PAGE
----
April 24, 2019 19:02:17
The Australian Electoral Commission (AEC) has referred former One Nation senator Rod Culleton’s candidacy for the upcoming federal election to police, to examine if he made a false bankruptcy declaration on his nomination form.
- Rod Culleton was declared bankrupt by the Federal Court in 2016
- The AEC has referred his candidacy for the upcoming election to the AFP
- Mr Culleton’s name will still appear on WA Senate ballot papers
Mr Culleton, who initially sat as a One Nation senator and then an independent after the 2016 election, was among the list of candidates declared by the AEC today for the Senate in Western Australia.
The Federal Court found in late 2016 that Mr Culleton was bankrupt, and as a result his Senate seat was declared vacant.
The High Court also ruled in February 2017 that Mr Culleton had been ineligible to stand as a senator because of a larceny charge in New South Wales.
Due to this previous disqualification by the High Court, the AEC today said it had referred his candidate nomination form for the coming federal election to the Australian Federal Police (AFP).
It has asked the AFP “to examine if a false declaration has been made under provisions of the Criminal Code Act 1995, relating to his status as an undischarged bankrupt and the prima facie disqualification of such persons to be chosen or to sit as a Senator or Member of the House of Representatives under section 44(iii) of the Constitution”.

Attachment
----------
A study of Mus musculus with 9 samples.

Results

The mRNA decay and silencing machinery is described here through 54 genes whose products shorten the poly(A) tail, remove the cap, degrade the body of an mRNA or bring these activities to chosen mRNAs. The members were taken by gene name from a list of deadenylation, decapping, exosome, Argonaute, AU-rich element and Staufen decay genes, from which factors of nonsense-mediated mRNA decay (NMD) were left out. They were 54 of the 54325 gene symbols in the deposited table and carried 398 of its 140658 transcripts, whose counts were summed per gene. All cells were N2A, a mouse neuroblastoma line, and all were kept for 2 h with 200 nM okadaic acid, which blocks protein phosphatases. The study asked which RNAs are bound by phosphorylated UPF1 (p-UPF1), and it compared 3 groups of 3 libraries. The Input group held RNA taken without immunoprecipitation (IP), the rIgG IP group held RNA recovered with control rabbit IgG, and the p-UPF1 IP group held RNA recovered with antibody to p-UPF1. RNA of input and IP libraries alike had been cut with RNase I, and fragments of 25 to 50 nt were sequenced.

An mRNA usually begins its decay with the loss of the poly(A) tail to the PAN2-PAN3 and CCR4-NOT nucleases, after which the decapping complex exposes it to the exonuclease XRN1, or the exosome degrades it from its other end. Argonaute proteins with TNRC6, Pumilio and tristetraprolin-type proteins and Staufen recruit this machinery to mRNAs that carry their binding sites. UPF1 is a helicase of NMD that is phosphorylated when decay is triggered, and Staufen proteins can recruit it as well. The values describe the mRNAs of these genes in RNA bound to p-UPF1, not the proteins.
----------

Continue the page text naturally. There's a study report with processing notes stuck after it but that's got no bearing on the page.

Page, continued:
The AEC added that a search of the National Personal Insolvency Index showed Mr Culleton was currently listed as an undischarged bankrupt.
Ruling won’t keep Culleton off ballot form
Regardless of the AFP investigation, the AEC said that as a declared candidate Mr Culleton’s name would appear on the WA Senate ballot paper at the election.
That was because the AEC did not have the power reject a candidate who had signed the declaration form and paid their $2,000 deposit, and it did not have the power to rule a candidate disqualified.
ABC election analyst Antony Green said issues of disqualification were dealt with after the election by the Court of Disputed Returns.
“The AEC can’t exclude him during the count,” Mr Green said.
“I presume they will do the count as normal. Everyone will examine the entrails of the distribution of preferences afterwards, and if Mr Culleton’s presence is seen as having influenced the result there may be a challenge.
“If he doesn’t influence the result, there’ll probably be no challenge.”